Airfare Prices Expected to Remain High, Southwest CEO Says

CEO Robert Jordan said the higher costs were due to continued high demand.

Travelers walk through the airport terminal at Ronald Reagan Washington National Airport in Arlington, Virginia, on December 22, 2016, ahead of the Christmas holiday.

Saul Loeb/Getty Images

Airfare prices have been increasing lately, and the CEO of Southwest Airlines said that’s not likely to change anytime soon.

CEO Robert Jordan, who officially took the helm of the company in February, pointed to issues like higher prices, increased wages, and fuel problems, but said demand remains high during the company's second quarter earnings call, according to the TheStreet, leading to a continuation of higher costs.

"Looking forward, demand continues to be strong," Jordan said. "We continue to experience both inflationary pressures and headwinds from lower productivity and efficiency."

"Consumer and business sentiment is down, and there are data points out there that could indicate early signs of a slowdown," he added. "But so far, demand remains strong, and we haven't seen material impacts to our business. As always, we'll continue to monitor the environment and be ready to respond if needed."

A bright spot for Southwest is its staffing levels, and Jordan said the airline has met its goals.

"I'm really proud to report that we reached pre-pandemic staffing levels in May 2022, which is just a huge milestone. We continue hiring in specific areas, particularly for pilots, and we expect to add over 10,000 employees this year out of attrition," Jordan said. "We are benefiting from getting better staffed, getting new employees through training and on the front line, adding more short-haul flying to provide better network stability, and adding more flying between crew bases.”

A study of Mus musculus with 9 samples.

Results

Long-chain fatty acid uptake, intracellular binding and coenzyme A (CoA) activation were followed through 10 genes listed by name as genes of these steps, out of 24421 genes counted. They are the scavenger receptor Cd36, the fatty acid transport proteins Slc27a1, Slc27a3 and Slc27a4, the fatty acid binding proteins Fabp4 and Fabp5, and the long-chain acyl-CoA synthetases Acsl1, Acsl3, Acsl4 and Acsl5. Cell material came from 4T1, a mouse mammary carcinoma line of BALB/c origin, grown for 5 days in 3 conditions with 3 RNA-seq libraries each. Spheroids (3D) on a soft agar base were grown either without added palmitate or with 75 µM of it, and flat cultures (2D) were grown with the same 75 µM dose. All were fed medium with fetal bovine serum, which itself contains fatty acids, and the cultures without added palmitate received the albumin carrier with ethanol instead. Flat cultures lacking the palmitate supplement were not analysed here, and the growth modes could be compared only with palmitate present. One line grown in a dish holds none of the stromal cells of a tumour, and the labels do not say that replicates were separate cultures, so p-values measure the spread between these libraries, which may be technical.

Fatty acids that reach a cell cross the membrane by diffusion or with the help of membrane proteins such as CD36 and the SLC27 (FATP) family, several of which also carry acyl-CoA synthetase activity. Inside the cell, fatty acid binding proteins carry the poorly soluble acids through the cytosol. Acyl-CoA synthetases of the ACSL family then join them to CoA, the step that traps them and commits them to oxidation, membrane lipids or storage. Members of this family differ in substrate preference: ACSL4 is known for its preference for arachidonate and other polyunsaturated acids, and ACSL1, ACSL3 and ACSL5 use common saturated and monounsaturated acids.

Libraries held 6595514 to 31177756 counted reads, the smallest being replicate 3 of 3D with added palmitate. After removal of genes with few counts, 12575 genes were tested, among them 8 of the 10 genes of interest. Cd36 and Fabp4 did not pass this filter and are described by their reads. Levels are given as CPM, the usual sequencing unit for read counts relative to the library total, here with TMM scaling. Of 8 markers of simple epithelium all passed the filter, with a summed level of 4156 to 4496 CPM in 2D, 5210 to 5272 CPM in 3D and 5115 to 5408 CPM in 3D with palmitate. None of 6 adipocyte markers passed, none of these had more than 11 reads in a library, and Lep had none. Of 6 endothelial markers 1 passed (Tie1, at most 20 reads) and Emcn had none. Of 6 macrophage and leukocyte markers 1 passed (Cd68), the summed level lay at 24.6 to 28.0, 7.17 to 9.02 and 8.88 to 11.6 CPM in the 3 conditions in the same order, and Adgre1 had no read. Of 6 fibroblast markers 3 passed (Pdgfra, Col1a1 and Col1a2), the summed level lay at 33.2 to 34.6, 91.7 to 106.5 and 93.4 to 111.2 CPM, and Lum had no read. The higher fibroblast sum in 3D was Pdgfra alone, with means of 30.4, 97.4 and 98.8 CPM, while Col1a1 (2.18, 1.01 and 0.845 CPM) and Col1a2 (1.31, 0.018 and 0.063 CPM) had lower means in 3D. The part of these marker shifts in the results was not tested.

He added: “We know that we've got work to do on the efficiency side as we focus on 2023, and we're laser-focused on walking down fleet and capacity plans, moderating our overall hiring, optimizing staffing to flight schedules, ringing out cost inefficiencies and returning to our historic efficiency levels by the end of next year.”

Overall, airline prices have jumped more than 42% in the past year in the United States, according to the U.S. Bureau of Labor Statistics’ latest Consumer Price Index. And following a few months of incremental declines, airfare rose 0.8% from August to September.

Gas prices have also risen 18.2% from September 2021 to September 2022.

The cost of flying is expected to continue to be a factor over the holiday period as experts have predicted holiday prices will reach the highest they’ve been in five years, especially over Christmas.

Travelers who are hoping to book a vacation and save some money should think about purchasing their tickets on a Sunday when they could save an average of 5% on domestic flights and up to 15% on international airfare.